Lamar White Jr., a Southern Methodist University law student residing in Dallas, Texas, woke up earlier this month and discovered his Internet connection wasn’t working. He quickly found the Internet lines to his home had been cut, and the motives might have been political.
Last month, White discovered that the third-most powerful Republican in the House of Representatives, House Majority Whip Steve Scalise, was a featured speaker at a white nationalist conference that was put on by former Ku Klux Klan Grand Wizard David Duke.
White published his findings on his personal blog, and the scandal immediately made shockwaves in Washington.
According to The Daily Dot, Scalise has retained his leadership position, and White said he personally didn’t receive very much hostility for the revelation.
Still, it was jarring when a cable worker came to inspect White’s Internet connection and asked, “Do you have any enemies?”
"I don't have any scorned ex-girlfriends," White replied, laughing. "Everyone I know in Dallas seems to like me."
"[The cable guy] said that whatever had happened to me was the result of someone invading my backyard and using a power tool to cut the line," White said. "There's no conceivable way this could have happened on its own or been done by an animal. It wasn't just that they cut it; they also tugged at the line [after it was severed].”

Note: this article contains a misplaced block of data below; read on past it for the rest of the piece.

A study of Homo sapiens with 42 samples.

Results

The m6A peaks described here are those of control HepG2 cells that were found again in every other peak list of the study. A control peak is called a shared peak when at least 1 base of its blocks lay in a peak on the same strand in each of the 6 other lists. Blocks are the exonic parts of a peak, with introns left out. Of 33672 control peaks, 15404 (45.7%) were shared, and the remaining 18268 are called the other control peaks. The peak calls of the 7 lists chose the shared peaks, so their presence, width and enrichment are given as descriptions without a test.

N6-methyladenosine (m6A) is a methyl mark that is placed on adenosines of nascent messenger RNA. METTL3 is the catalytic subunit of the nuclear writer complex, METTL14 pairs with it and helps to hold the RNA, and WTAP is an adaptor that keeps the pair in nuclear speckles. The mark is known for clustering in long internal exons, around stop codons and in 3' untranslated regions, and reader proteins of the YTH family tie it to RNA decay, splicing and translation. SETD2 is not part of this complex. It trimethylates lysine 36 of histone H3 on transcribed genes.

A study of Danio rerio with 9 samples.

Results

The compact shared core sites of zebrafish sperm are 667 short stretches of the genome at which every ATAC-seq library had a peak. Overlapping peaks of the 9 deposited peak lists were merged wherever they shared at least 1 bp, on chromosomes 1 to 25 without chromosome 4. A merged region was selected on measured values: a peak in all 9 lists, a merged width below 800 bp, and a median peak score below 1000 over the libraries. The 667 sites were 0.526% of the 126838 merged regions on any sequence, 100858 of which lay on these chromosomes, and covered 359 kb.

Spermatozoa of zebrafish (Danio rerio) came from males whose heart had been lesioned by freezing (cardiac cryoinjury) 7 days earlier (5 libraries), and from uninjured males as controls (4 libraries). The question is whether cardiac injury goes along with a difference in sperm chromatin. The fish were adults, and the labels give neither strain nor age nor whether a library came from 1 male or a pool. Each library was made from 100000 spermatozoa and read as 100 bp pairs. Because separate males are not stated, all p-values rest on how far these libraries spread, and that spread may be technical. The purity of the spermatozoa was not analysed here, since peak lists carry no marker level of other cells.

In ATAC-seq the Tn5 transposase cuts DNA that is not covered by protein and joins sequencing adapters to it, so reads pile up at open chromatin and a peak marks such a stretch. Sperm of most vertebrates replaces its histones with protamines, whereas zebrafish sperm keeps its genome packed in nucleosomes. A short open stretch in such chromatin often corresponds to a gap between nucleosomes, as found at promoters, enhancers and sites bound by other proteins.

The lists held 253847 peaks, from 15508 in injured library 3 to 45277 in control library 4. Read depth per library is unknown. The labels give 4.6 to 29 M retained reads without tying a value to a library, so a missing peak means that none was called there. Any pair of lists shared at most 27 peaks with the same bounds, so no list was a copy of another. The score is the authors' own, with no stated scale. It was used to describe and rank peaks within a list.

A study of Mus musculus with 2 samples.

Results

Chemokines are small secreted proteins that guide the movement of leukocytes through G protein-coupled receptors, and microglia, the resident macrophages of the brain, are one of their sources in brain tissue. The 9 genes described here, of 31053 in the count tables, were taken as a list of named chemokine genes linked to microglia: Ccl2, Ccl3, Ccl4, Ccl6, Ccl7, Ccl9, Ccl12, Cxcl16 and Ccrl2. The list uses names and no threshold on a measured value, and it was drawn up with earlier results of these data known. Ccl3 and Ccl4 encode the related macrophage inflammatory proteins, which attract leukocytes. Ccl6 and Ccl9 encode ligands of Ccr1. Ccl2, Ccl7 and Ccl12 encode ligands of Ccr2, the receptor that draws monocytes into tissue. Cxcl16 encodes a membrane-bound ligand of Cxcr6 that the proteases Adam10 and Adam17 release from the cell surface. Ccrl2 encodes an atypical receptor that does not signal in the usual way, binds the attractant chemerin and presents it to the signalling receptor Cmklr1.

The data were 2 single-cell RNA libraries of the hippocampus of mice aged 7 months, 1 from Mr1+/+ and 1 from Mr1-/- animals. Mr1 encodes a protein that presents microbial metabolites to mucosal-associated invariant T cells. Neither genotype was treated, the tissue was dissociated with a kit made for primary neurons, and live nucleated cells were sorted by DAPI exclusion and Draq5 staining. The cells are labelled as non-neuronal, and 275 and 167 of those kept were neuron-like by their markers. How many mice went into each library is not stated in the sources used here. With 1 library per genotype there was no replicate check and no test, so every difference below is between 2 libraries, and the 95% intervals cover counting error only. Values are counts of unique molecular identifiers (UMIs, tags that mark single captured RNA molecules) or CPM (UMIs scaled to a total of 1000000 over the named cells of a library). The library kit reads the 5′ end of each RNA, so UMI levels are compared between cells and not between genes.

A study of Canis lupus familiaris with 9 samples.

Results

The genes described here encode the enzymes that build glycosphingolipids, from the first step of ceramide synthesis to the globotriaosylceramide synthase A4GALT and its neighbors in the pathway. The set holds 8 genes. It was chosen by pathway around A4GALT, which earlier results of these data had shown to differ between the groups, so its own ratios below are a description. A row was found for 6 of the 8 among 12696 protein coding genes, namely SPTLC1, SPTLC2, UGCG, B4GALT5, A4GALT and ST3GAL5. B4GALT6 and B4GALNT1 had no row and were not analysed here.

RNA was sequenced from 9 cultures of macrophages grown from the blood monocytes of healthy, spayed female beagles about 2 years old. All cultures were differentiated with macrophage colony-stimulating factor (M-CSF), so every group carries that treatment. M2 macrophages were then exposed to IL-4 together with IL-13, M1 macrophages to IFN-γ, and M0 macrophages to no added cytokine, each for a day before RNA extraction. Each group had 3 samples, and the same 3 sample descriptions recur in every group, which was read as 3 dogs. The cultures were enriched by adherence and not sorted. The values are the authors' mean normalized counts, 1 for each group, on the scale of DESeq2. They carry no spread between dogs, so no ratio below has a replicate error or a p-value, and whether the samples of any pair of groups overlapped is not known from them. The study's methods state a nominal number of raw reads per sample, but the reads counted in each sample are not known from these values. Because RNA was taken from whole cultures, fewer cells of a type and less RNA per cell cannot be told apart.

White doesn’t believe anyone in Scalise’s office carried out the act of vandalism. "I respect the folks that have spoken out in his favor," he said. "I think he has a lot of explaining to do. But I absolutely, unequivocally, do not think that he is in any way connected."
"This just shows you the nastiness of some of the people who are associated with the white nationalist movement," White added.
White, who hails from Louisiana, the state Scalise represents, has since upgraded his security measures. He’s replaced the security equipment on his house, changed his passwords and enabled two-factor authentication on all of his online accounts.
Still, he’s not afraid. "It might not be the Klan or the white nationalists," he said. "It could just be a random person who found my address and didn't like what I was posting. I understand my address is public record. If someone wants to find where you live, they can find where you live, no matter who you are. I'm really not intimidated by that.”